Time for Citizen watches to go high tech

First it was a telephone that became smaller and mobile, allowing users to send e-mail and play games in addition to making phone calls. Now watch makers are getting into the game, adding technologies to their products that allow users to communicate while on the move, find directions while hiking, and log on to their PCs.

At Citizen Watch Co. Ltd.’s Citizen Forum 21, held in Tokyo earlier this week, the company showcased several watch prototypes to show how far high-tech features have come.

Leading the charge is the second-generation WatchPad prototype. The WatchPad is a wearable wristwatch-shaped computer that is the result of cooperation between Citizen and IBM Corp., which had been working on the project since last year. Many of the features, such as wireless radio-wave transmission and sensors, have been incorporated in other prototypes unveiled by Citizen.

Another prototype, the Security Watch, is equipped with a fingerprint sensor. A fingerprint is scanned on the watch that can then be wirelessly transferred to a PC for authentication purposes, said Masatoshi Ochiai, a developer for Citizen.

The watch can also be used for entrance security. Instead of opening doors with a key, the user’s watch sends the fingerprint data to a radio-wave receiver attached to the door. The fingerprint data is verified through a database of registered fingerprints and, if the user’s fingerprint is recognized, the door will open.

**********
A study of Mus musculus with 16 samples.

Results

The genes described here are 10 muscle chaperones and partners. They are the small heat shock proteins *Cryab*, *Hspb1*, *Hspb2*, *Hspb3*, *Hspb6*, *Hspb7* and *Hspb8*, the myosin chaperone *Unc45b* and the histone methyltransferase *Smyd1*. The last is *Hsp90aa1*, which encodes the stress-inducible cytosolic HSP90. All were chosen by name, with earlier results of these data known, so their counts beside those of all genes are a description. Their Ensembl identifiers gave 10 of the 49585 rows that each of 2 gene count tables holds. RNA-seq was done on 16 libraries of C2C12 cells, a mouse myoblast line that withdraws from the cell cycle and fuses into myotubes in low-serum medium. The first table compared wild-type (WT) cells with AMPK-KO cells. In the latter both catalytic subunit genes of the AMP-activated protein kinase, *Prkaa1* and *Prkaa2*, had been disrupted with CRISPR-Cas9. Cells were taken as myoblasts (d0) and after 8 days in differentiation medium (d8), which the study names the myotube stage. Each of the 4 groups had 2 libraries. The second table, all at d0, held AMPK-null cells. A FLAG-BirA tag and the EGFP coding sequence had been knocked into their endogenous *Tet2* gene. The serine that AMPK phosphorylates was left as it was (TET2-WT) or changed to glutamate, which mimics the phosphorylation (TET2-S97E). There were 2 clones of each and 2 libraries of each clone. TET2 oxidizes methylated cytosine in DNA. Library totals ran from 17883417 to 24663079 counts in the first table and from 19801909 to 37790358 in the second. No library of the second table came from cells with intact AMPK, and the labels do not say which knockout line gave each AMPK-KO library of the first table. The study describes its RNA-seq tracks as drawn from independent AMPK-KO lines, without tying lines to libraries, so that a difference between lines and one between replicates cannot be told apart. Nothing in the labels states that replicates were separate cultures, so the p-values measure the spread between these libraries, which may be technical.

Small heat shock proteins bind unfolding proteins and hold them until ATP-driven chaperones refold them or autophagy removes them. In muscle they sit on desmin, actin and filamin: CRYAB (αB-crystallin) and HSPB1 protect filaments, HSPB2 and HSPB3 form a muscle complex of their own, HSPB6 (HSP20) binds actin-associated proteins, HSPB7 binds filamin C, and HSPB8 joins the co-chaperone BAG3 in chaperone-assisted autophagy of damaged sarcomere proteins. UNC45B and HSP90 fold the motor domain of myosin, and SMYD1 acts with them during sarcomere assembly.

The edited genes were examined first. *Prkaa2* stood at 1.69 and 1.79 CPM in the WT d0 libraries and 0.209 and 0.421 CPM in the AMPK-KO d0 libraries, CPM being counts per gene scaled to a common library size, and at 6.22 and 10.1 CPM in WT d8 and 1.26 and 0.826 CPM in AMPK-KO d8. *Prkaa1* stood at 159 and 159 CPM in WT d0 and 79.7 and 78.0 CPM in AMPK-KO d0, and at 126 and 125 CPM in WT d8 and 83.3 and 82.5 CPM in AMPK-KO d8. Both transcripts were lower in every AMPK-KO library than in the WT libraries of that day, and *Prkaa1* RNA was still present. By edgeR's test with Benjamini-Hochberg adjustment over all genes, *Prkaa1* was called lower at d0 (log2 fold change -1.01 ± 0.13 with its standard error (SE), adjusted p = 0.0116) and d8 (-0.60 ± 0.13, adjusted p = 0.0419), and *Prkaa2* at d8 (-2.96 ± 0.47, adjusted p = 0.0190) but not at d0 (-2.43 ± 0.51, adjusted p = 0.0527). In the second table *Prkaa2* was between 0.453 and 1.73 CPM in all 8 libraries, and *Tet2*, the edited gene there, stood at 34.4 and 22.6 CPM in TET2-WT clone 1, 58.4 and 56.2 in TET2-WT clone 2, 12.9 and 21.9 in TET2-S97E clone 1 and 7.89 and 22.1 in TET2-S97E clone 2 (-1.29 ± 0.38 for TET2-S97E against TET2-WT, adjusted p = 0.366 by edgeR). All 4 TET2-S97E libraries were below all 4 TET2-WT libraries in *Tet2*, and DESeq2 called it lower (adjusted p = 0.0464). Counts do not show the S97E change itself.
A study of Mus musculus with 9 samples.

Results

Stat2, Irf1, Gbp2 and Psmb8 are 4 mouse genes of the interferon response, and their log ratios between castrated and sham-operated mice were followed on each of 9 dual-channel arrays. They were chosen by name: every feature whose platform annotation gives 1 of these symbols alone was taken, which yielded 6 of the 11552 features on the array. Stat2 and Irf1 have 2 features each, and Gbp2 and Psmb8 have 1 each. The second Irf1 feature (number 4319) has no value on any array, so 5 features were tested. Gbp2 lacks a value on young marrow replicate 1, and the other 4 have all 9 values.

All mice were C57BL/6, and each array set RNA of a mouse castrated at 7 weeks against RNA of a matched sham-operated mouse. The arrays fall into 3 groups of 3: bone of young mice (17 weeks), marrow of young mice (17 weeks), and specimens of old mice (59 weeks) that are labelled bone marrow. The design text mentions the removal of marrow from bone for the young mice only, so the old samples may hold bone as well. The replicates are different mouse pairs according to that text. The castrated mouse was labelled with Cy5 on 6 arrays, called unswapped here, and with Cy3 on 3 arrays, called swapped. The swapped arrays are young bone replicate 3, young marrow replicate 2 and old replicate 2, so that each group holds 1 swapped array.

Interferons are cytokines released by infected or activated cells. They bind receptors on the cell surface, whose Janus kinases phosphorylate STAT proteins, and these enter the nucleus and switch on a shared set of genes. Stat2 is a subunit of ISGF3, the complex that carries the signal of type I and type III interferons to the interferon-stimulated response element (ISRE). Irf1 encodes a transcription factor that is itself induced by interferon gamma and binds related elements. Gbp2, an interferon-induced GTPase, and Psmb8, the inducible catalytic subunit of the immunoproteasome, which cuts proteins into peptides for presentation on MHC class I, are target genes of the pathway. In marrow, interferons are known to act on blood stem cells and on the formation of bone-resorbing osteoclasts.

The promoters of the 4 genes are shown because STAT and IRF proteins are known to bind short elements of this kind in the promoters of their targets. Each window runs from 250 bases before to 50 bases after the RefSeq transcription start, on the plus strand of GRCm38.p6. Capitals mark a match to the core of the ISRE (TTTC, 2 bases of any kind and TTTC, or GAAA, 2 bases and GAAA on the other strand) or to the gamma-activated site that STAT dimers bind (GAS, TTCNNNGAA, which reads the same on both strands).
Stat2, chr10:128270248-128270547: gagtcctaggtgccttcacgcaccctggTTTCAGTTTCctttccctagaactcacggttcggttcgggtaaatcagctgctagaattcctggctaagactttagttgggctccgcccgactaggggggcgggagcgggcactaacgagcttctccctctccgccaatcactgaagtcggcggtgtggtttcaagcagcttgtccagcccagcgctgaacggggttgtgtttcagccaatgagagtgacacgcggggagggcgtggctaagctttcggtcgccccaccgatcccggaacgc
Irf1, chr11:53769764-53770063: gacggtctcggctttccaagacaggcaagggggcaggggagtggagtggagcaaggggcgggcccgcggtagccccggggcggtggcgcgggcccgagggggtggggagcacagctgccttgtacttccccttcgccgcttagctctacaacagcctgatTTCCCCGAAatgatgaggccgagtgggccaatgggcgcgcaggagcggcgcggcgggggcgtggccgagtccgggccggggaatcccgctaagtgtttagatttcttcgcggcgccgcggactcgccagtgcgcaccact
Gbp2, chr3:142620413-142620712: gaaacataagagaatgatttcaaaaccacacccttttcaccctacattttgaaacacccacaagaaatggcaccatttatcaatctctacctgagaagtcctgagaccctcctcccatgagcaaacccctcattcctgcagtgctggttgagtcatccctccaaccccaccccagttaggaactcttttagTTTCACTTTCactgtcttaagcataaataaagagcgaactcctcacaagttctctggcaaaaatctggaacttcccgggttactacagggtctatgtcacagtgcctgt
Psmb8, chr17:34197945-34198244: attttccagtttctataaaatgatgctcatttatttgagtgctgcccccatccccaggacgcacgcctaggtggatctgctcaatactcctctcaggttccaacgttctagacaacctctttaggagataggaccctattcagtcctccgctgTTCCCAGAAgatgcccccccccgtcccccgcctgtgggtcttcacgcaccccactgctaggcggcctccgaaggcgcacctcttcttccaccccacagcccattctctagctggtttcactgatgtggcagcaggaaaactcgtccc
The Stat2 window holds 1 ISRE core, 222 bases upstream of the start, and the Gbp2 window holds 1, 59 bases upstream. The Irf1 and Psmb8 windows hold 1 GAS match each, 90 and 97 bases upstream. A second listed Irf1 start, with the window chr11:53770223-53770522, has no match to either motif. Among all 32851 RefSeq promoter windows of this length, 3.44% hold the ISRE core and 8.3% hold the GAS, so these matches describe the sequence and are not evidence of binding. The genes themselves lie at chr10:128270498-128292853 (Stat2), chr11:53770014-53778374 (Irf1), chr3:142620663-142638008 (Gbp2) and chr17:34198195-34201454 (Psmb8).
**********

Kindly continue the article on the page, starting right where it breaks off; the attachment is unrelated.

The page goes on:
The Travel Walker was developed for hikers. The prototype watch comes with a separate small device equipped with a Global Positioning System (GPS) receiver. With area map information loaded on the GPS device, a user is able to see hiking directions displayed on the watch, which wirelessly receives data from a separate GPS device in a backpack, said Toshihide Ogasawara, a Citizen developer.

The Wrist Browser is a prototype that is trying to be a wearable secondary display for a cell phone. Citizen has made the watch water resistant, a feature cell phones don’t usually have. “So, when you are swimming and a phone in a bag rings, you can see it,” said Tomoko Sakai, a Citizen developer.

Users can also send preset messages from the watch, such as “Please hold. I will answer you shortly,” to inform callers that they are away from their cell phone, she said.

Unlike the Security Watch and Travel Walker, which feature Citizen’s own wireless radio-wave protocol, the Wrist Browser is equipped with Bluetooth, so that it will be compatible with Bluetooth-embedded phone handsets, Sakai said. “We are developing the watch with a few mobile telecommunication carriers,” she said.

All of these watch prototypes have the same development goals – to make batteries last longer and to reduce the size of the device, Citizen officials said. Commercial availability of these products will come soon after engineers achieve these goals, they said.

Citizen, in Tokyo, can be contacted at http://www.citizen.co.jp/.